The Baltic Dry Index represents the cost of renting an ocean-going container ship to move goods from, say, Chinese factories to the Port of Los Angeles. The more stuff being made and sold, the higher the demand for such ships, and thus the higher the price to rent one. And vice versa.
This is definitely one of the vice versa times. After rising to robust levels in mid-2018 the Baltic Dry Index has since plunged by about two-thirds.
[ZH: we are well aware of the seasonality within the global shipping markets but even adjusted for that, this is the worst collapse in shipping rates since 2012 (which prompted Bernanke to unleash Operation Twist and QE3)...]
Here’s a brief article on the subject from today’s Wall Street Journal:
Dry bulk shipowners face a long period of uncertainty as spot prices collapse and China shipments shrink.
A slowing global economy, coupled with weak demand from China over the Lunar New Year and from Brazil after Vale SA’s iron ore disaster, is dragging shipping rates to near record lows, and few in the industry expect things to improve any time soon.
Brokers in Singapore and London said capesize vessels, the largest ships that move bulk commodities like iron ore, coal and aluminum, were chartered in the spot market for as low as $8,200 a day on Thursday, a $500 decline from Wednesday. Break-even costs for carriers can be as high as $15,000 a day, and daily rates in the capesize market hovered above $20,000 last year.
“Everyone is looking for a catalyst to push the market up, but it’s not there,” said a Singapore broker.
The Baltic Dry Index, which tracks the cost of moving bulk commodities and is considered a leading indicator of global trade, is down more than 50% since the start of the year.
The long Lunar New Year holiday in early February is one of the slowest periods in commodities trading as factories in China, the world’s biggest importer of raw materials, shut down. But ship executives say the bulk seaborne freight business is more broadly suffering from the lowest demand in two years, while China’s trade tussle with the U.S. is making the market more volatile.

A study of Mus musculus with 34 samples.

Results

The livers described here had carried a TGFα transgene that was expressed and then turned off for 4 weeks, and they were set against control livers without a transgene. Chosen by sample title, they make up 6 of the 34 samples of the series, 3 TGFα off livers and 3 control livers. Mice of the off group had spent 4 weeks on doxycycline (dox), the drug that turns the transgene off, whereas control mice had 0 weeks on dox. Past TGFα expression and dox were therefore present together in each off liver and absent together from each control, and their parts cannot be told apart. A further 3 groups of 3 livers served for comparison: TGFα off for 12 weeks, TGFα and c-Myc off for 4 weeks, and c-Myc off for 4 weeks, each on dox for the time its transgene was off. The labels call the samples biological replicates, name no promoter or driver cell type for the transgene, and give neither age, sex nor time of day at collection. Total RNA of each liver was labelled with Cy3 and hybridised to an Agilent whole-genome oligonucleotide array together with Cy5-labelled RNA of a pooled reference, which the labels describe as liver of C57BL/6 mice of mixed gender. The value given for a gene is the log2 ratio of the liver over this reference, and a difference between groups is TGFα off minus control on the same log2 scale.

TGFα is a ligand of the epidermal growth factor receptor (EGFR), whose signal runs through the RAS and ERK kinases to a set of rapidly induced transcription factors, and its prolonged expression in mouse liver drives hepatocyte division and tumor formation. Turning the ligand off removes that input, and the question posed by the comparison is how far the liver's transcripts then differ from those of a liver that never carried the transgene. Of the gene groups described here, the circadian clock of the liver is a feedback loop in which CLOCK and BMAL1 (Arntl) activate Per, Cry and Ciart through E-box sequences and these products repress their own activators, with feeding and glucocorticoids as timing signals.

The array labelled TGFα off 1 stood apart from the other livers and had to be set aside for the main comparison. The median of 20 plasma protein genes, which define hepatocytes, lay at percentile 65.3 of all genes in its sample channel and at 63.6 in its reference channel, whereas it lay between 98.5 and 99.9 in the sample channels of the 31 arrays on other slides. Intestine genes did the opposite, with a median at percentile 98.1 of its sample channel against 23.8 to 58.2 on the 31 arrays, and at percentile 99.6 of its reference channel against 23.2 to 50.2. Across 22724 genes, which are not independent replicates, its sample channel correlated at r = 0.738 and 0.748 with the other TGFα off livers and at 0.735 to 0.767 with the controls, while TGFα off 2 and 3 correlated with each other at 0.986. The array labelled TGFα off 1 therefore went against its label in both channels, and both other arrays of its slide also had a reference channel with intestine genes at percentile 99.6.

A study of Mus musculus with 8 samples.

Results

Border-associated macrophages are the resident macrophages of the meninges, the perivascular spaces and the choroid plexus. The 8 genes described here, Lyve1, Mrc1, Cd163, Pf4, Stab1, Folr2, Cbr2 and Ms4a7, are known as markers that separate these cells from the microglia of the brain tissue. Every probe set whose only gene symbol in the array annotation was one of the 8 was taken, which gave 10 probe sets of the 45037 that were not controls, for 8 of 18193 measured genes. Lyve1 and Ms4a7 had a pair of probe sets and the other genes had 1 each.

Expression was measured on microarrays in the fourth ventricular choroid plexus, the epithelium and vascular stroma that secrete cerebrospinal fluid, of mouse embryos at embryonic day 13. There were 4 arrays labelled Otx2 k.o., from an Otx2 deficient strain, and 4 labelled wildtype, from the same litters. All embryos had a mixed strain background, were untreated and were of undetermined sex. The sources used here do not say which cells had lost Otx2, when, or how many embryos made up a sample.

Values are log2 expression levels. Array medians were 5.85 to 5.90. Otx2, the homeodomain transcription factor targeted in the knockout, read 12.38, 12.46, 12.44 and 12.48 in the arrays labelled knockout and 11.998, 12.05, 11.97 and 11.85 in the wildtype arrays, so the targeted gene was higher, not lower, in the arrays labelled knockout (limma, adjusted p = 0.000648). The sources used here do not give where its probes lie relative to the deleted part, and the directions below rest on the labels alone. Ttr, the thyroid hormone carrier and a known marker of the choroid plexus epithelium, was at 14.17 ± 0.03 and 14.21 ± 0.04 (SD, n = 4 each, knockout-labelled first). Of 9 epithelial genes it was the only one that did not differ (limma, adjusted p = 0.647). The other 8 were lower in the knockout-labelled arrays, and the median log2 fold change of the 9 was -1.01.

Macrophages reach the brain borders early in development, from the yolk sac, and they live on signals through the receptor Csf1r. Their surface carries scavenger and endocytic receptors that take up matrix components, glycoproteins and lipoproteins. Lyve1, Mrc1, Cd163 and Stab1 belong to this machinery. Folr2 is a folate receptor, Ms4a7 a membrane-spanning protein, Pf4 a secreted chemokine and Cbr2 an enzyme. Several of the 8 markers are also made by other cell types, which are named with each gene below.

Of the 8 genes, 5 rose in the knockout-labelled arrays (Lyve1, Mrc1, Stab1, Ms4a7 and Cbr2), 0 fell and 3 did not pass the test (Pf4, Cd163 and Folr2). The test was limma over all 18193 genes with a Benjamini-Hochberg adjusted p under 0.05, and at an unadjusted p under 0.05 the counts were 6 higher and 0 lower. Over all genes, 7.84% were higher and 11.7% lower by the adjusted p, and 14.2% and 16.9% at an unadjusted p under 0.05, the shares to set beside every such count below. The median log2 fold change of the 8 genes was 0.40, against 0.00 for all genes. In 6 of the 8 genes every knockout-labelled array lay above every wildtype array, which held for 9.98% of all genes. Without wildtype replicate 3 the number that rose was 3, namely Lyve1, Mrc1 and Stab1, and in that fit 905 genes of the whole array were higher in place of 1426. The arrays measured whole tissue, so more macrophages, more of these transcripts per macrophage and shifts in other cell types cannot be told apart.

“A long slowdown in the Chinese economy will hurt commodity demand and send shipping rates sharply lower,” Bloomberg Intelligence industry analyst Rahul Kapoor said.
The Vale iron ore disaster in Brazil in January, in which a mining dam burst, triggering a flood that killed at least 150 people and left close to 200 more missing and feared dead, created a new source of uncertainty.
Vale has suspended production at a number of sites, removing 40 million tons of annual output, or 11% of the giant miner’s total production in 2017.
The reduced sailings could affect dry bulk owners, including China Cosco Bulk Shipping Co. Ltd, Norway’s Golden Ocean Group and Greece’s Diana Shipping Inc.
“The Vale void will be largely covered by iron ore shipments out of Australia,” the Singapore broker said, “but Brazil generally commands higher freight rates so there is no good news.”
China has resumed importing soybeans from the U.S., a sign of progress in talks between Washington and Beijing. But the 540,000 metric tons of shipments from the U.S. in January were less than half the monthly average last year.
“If you are a bulk owner, you can no longer depend solely on China to make money, and that’s a seismic shift,” said a London broker.
So there are some specific, possibly temporary things going on here. The US/China trade war is slowing shipments between those countries while a Brazilian iron ore mine disaster is cutting shipments of that commodity for the time being.
Assuming the trade war ends and Vale’s Brazilian mine recovers, it’s reasonable to see this as the bottom for shipping rates – a forecast that shippers who need to double current prices just to break even fervently hope is true.
But there are also broader forces at work. The trade war isn’t just a piece of political theater for the US. We really do need factories to come back home if we want to avoid a populist and/or socialist revolution. And next generation manufacturing tech like 3D printers will in any event move production closer to end users, lowering the need for at least some of today’s shipping.
It’s possible, in other words, that the whole free trade/mobile capital/cheap labor/long supply chain Age of Globalization, with its assumption of unlimited rich-country demand and plentiful cheap energy for transport was just an artifact of a very specific time. It was so cheap and easy to move things around that building toys or TVs wherever labor was cheapest and shipping them to wherever the money resided made financial sense.
That might not be a permanent state of affairs, and if it’s not, those giant ships won’t be the only stranded capital out there.